It has been occupied by the venerable Welshman since 30 June 1968, the afternoon he jumped 8.23m, 27ft exactly, in a match between Great Britain and Switzerland in Berne. For more than 30 years now, since the month Bobby Kennedy was shot dead in the kitchen of a Los Angeles hotel, Lynn's leap has stood as a British record. It is the longest surviving British record by a margin of 12 years, the only one that dates back before 1980. At long last, however, it seems to be living on borrowed time. It could finally be history on Tuesday or Wednesday, when the qualifying round and final of the long jump are held in the Nep Stadion.
Having entered the world on 30 June 1978, the 10th anniversary of Davies' record, perhaps Nathan Morgan was born to the task of breaking it. It seemed so at the English schools championships in Sheffield two years ago, when the Leicester lad stretched his long limbs skywards and touched down at 7.97m. He had been helped on his way by a wind measured at 3.8 metres-per-second but at 18 the mightily gifted Morgan had ventured within a centimetre of the distance Davies achieved in Budapest in 1966, the last winning mark by a long jumper representing Great Britain at continental or global level.
Since then, under the guidance of Darrell Bunn, the coach who made Denise Lewis an Olympic and world championship heptathlon medallist, the former rugby union prodigy (he played outside centre for Leicestershire schools) has progressed in leaps and leaps. In Ljubljana last year Morgan struck gold in the European Junior Championships and this summer his talent has made an instant impression at senior level. In June he took third place in the European Cup and in the AAA Championships in Birmingham last month he crept closer to Davies' record, improving his personal best from 8.04m to 8.11m.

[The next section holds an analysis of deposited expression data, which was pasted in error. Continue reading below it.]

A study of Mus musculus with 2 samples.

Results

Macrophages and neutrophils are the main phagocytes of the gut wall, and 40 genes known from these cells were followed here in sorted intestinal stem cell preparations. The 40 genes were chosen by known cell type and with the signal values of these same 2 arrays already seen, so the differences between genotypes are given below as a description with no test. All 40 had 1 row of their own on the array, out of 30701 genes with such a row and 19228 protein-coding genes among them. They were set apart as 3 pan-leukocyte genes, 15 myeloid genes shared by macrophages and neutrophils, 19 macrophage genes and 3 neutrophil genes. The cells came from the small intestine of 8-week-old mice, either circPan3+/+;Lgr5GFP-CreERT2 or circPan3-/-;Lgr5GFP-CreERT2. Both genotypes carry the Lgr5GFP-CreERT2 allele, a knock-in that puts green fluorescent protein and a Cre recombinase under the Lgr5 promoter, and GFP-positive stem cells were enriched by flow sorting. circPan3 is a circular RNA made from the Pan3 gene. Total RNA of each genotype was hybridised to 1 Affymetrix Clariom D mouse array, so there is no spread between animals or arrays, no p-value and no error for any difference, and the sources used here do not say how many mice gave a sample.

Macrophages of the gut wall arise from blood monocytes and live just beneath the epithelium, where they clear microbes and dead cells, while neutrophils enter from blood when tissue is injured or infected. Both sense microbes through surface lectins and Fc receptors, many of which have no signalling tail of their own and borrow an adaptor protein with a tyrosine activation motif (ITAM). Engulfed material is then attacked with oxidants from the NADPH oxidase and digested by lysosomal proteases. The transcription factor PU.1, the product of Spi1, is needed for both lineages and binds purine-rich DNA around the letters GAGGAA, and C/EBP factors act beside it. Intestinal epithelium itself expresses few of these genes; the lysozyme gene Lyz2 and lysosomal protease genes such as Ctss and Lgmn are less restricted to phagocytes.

In Budapest, with the adrenalin pumping, 8.23m could be within Morgan's range. "I certainly think Nathan will have to jump that to get a medal," Bunn said. "I have no doubt in my mind that Nathan is capable of breaking the record, but I'm not prepared to say how soon. He's only just started being a serious athlete. He's only done one winter of proper training. There's a lot to come, a lot more."
Precisely how much more there might be to come in Budapest the engagingly modest Morgan, now 20 and a full-time athlete, is not prepared to guess either. "I never think about distances," he said. "I only think about competing. Winning is the important thing. Distance is second. With the adrenalin buzzing, I think I could come back with a medal. I wouldn't like to say what distance I could do, though."
Morgan has, however, become aware of the significance of 8.23m and the name of Lynn Davies. "I hadn't even heard of him until a couple of years ago," he said. "I still haven't met him but I wouldn't mind him being there to present me with a medal when I break it."
That "when", though, could be in Budapest this week, with Davies back in Cardiff watching time finally catch up with him on television.